Leadership Management and Governance for Stronger Health Systems

{A clinic doctor befriends a child waiting for vaccination at Delma 75 clinic near Port-au-Prince, Haiti. (Photo Credit: Carole Douglis/MSH)}A clinic doctor befriends a child waiting for vaccination at Delma 75 clinic near Port-au-Prince, Haiti. (Photo Credit: Carole Douglis/MSH)

This is the last in a series of four blog posts about the impact of leadership, management, and governance in strengthening health systems. See the full series on our blog.

Hurricane Matthew weakened Haiti’s already vulnerable health system when it struck last month, adding to the many challenges that the country’s government already faces in providing quality health services to its population.

Now, more than ever, Haiti needs strong leadership, management, and governance in the health sector to strengthen the system and ensure that its people have access to the care they need.

Even before the storm, the poorest nation in the western hemisphere was already facing political instability, the lasting effects of the 2010 earthquake, and an ongoing cholera epidemic, all of which seriously impacted the country’s health system.

{Photo Credit: Sara Holtz/MSH}Photo Credit: Sara Holtz/MSH

Strong, well-functioning health systems need strong leadership, management, and governance. Over the next couple of weeks, leading up to conversations that MSH is hosting at the Global Symposium on Health Systems Research next month in Vancouver, we will be sharing stories and insights about the role of leadership, management and governance in health systems strengthening. This is the third in a series of four blog posts on this topic. See the full series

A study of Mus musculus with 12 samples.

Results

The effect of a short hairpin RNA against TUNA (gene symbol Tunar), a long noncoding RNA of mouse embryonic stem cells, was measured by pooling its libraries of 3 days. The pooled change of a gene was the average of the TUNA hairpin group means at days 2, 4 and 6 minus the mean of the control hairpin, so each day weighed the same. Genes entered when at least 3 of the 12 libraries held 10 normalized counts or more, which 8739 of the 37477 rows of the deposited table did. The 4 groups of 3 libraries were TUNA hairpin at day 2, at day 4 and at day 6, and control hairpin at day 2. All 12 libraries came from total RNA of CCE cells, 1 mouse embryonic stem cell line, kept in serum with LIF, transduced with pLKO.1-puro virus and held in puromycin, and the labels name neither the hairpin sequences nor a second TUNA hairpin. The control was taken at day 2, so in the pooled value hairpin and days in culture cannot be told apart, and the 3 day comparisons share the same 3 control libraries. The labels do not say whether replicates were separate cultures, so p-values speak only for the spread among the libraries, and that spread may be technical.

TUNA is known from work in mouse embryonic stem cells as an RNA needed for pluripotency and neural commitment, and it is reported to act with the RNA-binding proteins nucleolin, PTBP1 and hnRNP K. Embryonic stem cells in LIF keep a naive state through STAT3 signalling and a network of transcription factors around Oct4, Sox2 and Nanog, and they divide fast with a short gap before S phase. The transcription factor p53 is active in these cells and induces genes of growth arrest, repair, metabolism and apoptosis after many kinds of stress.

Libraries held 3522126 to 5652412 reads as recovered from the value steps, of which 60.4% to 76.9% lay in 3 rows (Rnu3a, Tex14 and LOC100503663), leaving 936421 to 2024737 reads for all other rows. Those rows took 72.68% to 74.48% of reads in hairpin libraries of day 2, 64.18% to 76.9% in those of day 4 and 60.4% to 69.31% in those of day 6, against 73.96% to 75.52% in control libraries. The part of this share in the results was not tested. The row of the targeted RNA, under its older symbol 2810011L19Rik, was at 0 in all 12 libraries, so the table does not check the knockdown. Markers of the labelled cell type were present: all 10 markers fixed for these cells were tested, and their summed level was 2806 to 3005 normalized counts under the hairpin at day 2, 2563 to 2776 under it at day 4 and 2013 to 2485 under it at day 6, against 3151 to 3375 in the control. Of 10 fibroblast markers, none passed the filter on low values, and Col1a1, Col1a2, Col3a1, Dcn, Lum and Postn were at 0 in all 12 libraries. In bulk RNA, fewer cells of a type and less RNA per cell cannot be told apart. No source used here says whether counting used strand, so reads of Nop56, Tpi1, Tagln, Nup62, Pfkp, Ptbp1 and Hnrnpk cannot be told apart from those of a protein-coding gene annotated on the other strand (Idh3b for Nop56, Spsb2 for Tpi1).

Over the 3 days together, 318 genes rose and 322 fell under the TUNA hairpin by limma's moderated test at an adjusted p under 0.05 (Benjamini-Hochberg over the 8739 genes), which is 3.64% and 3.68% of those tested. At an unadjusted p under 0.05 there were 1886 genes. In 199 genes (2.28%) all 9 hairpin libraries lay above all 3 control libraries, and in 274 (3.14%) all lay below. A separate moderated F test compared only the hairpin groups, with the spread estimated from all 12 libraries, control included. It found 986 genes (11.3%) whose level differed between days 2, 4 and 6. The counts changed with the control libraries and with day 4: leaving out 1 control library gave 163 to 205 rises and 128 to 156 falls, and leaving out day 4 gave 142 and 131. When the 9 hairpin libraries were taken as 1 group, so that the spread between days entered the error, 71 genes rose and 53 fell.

In my nearly 20 years of experience in global health, I have seen that leadership and governance often receives little attention, even though it is an essential building block of any strong health system.

This is why LeaderNet – an online global community of health professionals – recently hosted a seminar entitled Dream Teams: Bringing Boards and Staff Together for Organizational Success.

The seminar aimed to bring leadership and governance to the forefront of the conversation, providing a forum for global health professionals to exchange ideas, experiences, and resources about leading teams that work at all levels of health systems around the world.

{Photo Credit: Rui Pires}Photo Credit: Rui Pires

Strong, well-functioning health systems need strong leadership, management, and governance. Over the next couple of weeks, leading up to conversations that MSH is hosting at the Global Symposium on Health Systems Research next month in Vancouver, we will be sharing stories and insights about the role of leadership, management and governance in health systems strengthening. This is the second in a series of four blog posts on this topic. See part one.

Linvell Nkhoma is a midwife manager at Mitundu Community Hospital in northern Lilongwe, Malawi. She lives on the hospital premises so she can be on call 24 hours a day for emergencies or complicated cases that less experienced midwives don't know how to manage.

"We have limited space, only three delivery beds for 400 deliveries a month," Linvell said.

Linvell and her colleagues were concerned about overcrowding, and more importantly, the high rates at which mothers and babies were dying during deliveries.

{Photo Credit: Carmen Urdaneta/MSH}Photo Credit: Carmen Urdaneta/MSH

Strong, well-functioning health systems need strong leadership, management, and governance. Over the next couple of weeks, leading up to conversations that MSH is hosting at the Global Symposium on Health Systems Research next month in Vancouver, we will be sharing stories and insights about the role of leadership, management and governance in health systems strengthening.

Over the last five years at the MSH-led, USAID-funded Leadership Management and Governance Project, our experience has underscored the importance of good governance, management and leadership to achieve service delivery outcomes in all health areas — from family planning to maternal, newborn and child health to HIV and AIDS.

The Leadership, Management and Governance Project's activities range from strengthening leadership and management skills of staff at the centralized level of Haiti's Ministry of Public Health and Population to supporting midwife managers to deliver high-quality family planning and reproductive health services in their communities at the decentralized level in Malawi.